We are totally getting to that point in the summer where it is vay-cay time!
A sunny day, new work schedule for teens, and the family vacation or three leaves those open spots and cancellations in your week. I mean - awesome for paperwork, side projects, and organization right? Or maybe some midday scrolling. Either or - no judgement here.
And although sometimes we all need a little loosening up of our schedules, especially when the sun is shining - consistency is key for client retention and engagement.
During an intake recently I asked a family why they stopped seeing a past therapist. There was the blank stare, the “umm...well...I’m not so sure”. It was a classic story of one week off for a dance competition, the therapist taking an extended vacation, and then the client had an annual trip out of town and...well...they just never rescheduled.
It wasn’t that they weren’t in need of support. They just weren’t able to re-engage. There were too many barriers. And we all have those clients. The ones that just sort of...disappear in the summer.
I am definitely in favor of placing responsibility for client scheduling on the client, or well, parents if you see children. Annnnnd at the same time one of the most vulnerable and brave things a client can do is pick up the phone to make an intake appointment, and then to keep showing up.
After a period of a couple missed sessions, sometimes the thought of re-engaging can be exhausting and they pop back into survival mode. Therapy appointments get shuffled into the pack of other appointments, engagements, trips, and homework. It’s not until things get pretty severe that there is a fire lit under families to make a call to re-engage. Sometimes it is months or more than a year.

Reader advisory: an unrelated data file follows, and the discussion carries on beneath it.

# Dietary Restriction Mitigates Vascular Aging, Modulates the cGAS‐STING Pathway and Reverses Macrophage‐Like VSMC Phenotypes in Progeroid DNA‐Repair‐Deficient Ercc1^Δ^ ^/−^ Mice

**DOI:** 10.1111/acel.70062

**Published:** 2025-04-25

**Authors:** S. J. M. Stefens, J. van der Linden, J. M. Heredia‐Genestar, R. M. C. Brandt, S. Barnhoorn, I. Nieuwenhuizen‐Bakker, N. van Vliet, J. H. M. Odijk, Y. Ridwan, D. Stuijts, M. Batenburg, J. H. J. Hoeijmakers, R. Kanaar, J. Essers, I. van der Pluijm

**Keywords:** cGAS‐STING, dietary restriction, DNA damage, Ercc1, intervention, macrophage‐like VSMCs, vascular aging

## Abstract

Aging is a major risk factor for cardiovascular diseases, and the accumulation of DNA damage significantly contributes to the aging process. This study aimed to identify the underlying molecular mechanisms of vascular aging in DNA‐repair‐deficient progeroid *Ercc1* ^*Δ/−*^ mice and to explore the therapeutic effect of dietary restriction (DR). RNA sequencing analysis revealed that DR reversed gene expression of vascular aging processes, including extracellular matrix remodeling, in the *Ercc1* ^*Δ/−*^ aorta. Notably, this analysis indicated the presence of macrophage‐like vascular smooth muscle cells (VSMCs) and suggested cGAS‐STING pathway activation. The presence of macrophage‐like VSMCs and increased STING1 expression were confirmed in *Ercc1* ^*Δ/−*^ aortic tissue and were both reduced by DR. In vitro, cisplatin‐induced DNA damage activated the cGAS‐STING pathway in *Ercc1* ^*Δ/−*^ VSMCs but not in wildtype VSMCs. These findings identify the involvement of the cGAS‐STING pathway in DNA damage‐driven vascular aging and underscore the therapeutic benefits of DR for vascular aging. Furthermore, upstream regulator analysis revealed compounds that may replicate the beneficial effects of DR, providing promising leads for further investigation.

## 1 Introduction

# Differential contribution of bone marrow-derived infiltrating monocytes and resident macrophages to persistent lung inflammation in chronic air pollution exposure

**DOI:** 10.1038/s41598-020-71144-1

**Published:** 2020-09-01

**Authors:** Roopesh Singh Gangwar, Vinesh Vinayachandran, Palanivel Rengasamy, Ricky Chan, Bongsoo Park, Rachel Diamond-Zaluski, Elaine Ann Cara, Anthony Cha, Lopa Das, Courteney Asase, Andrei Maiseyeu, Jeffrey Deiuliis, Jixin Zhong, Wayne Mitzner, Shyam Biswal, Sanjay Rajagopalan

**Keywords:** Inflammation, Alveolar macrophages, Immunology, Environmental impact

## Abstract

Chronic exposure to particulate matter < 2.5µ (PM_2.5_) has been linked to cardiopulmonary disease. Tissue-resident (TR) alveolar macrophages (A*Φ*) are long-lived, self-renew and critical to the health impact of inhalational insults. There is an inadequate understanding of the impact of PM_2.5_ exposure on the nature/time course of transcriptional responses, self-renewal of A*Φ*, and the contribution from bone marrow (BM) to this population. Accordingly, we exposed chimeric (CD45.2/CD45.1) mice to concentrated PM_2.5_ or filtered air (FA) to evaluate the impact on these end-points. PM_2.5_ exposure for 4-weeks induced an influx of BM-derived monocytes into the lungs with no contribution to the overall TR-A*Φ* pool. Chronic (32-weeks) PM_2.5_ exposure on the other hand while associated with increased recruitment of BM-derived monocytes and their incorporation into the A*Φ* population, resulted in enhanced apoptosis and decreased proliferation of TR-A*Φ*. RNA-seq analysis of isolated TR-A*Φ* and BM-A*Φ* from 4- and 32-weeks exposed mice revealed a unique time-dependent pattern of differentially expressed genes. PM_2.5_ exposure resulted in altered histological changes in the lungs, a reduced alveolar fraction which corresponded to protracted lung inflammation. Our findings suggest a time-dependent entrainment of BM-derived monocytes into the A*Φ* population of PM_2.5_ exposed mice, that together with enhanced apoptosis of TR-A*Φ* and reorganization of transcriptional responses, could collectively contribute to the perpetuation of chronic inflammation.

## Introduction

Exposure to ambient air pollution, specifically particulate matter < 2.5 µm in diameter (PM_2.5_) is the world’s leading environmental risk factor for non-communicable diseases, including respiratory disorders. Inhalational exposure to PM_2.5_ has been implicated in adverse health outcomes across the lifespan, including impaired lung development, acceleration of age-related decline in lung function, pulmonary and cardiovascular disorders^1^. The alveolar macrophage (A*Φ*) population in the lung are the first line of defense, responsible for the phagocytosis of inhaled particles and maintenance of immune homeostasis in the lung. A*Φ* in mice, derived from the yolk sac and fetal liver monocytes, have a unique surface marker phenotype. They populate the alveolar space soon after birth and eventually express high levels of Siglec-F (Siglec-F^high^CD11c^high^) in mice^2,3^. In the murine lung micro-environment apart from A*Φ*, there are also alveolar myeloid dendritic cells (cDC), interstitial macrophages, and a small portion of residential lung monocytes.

Other times they might not think you as the therapist are committed to them. And as we all know, the number one factor for therapeutic change is the relationship and connection you have with a client and their family.
Why does this all matter? Well firstly it is definitely good client care (and ethical) to do your best to engage a client in a way that is consistent. At the end of the day when they actually engage in therapy they can work towards their goals and mental wellness. To simplify - meeting goals allows them to live life as the best version of themselves.
So where does this leave us? You definitely aren’t going to re-schedule that vacation you have been dreaming about forever and that dance competition is still going to be there. So what now?
Well...this might mean that you consider vacation time that doesn't consistently cancel the same clients over and over OR you offer them alternative spots within the week before or after to keep consistency.
One of my favorite strategies is the recurring appointment where they have their same time/day spot weekly or every other week. That way they know you will be there for them after business gets back to usual. If they don’t have an appointment scheduled or have cancelled a couple in a row an engagement call can help to show clients that you are committed to continuing their therapeutic work.
Lastly, acknowledging the elephant in the room goes a long way. Letting your client know that you are sorry that you are cancelling knowing that you missed a couple of other appointments. This could even mean creating a support plan for when you are out of the office, which might include crisis resources, therapy activities, or other family bonding activities to engage in during the “off time”.
All of this can go a long way to help clients engage in the hard work of therapy and foster the relationship and connection while at the same time juggling life!
And if you are looking for more support around scheduling check out this course HERE designed specifically for therapists working with children!
What about you? What are your best engagement strategies for the summer lull? Drop a comment below!